Ron Brown, football coach for the University of Nebraska, is under attack for testifying against a proposed measure in Omaha City which would outlaw discrimination based on sexual orientation and gender identity.

In his 3-minute testimony last month, Brown told council members that each would be held to “great accountability for the decision you are making.”

“The question I have for you all is, like Pontius Pilate, what are you going to do with Jesus?” Brown asked. “Ultimately, if you don't have a relationship with him, and you don't really have a Bible-believing mentality, really, anything goes. … At the end of the day it matters what God thinks most.”

Brown's testimony prompted Barbara Baier, a member of the Lincoln Board of Education, to call for his firing, the AP reported. She noted the University of Nebraska's policy banning discrimination on the basis of sexual orientation in a letter to university administrators.

“He says terrible things about members of my community – citizens of this country, people who have not committed any crimes,” Baier said. “He compares gays and lesbians to people who have committed crimes, people who are desiring to go and cause the destruction of the American family, and nothing could be further from the truth.”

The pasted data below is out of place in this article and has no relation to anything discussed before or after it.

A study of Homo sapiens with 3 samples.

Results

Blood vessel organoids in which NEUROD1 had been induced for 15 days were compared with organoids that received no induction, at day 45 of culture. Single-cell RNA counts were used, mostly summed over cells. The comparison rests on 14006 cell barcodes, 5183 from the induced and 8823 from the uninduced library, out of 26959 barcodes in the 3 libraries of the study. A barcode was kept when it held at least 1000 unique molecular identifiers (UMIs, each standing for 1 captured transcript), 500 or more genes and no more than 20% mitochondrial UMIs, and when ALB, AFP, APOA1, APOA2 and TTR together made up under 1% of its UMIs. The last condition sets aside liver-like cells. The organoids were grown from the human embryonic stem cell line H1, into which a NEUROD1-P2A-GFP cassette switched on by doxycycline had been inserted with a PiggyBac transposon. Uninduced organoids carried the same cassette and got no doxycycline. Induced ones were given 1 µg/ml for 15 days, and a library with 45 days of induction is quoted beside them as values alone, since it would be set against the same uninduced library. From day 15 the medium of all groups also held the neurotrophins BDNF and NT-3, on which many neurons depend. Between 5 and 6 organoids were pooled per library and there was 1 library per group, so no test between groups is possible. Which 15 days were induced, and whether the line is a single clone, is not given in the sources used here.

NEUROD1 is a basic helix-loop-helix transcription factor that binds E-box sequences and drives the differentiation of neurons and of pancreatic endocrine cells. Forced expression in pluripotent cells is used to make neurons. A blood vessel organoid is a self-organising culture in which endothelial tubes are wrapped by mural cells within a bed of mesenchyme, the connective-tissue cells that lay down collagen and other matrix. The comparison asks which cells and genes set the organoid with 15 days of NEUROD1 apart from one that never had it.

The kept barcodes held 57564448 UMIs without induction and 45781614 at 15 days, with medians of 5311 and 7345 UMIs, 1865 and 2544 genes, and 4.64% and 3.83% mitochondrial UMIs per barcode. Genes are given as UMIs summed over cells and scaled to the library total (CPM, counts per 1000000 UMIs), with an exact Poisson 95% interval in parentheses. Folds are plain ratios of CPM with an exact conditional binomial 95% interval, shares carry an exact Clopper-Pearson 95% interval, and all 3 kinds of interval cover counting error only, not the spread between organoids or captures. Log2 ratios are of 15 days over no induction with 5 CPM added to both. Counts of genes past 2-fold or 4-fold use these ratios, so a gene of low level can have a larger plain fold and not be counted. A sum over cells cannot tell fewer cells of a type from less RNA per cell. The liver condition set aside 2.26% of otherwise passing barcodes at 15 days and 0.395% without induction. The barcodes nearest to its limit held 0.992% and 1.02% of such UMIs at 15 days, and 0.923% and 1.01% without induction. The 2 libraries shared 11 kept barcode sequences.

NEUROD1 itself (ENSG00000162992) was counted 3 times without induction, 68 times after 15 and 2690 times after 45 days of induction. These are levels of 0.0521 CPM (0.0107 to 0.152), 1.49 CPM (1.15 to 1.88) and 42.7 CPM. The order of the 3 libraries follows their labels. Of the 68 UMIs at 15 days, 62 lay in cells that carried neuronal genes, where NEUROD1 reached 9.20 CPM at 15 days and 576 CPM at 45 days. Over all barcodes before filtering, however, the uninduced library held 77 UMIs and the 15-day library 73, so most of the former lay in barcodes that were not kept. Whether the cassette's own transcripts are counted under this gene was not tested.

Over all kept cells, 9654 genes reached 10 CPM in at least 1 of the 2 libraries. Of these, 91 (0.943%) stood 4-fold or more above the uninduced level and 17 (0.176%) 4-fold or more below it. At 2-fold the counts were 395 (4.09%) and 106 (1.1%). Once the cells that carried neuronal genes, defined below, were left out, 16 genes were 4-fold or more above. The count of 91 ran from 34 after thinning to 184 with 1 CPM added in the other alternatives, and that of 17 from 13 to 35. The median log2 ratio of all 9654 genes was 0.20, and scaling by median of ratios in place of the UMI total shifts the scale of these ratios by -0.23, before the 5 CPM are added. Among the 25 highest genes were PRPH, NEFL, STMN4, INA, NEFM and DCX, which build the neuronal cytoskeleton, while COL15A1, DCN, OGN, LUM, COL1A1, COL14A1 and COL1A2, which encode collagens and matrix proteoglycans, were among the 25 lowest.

Brown says he was born again in 1979 and heads the Christian ministry FreedMen Nebraska. He evangelizes on his radio show and during appearances on a cable-access channel in Lincoln. He also writes a column for the Fellowship of Christian Athletes' magazine and has authored several Christian-based self-help books.

Brown has been an assistant football coach at the University of Nebraska for 21 years. He was replaced in 2004 and rehired in 2008.

Gay rights groups called for Brown's firing in 1999 after he condemned being gay on a Christian radio show.

“To be fired for my faith would be a greater honor than to be fired because we didn't win enough games,” Brown told the AP. “I haven't lost any sleep over it. I realize at some point, we live in a politically correct enough culture where that very well could happen.”

“I have simply said that based on the Bible, homosexuality, the lifestyle of homosexuality, is a sin,” he added. “That has created a flame within itself. But I've decided I'm not going to be afraid of people calling me a bigot or a homophobic or narrow-minded out of a simple, gentle, compassionate expression of the truth of God's word. I'm not going to be bought off by that.”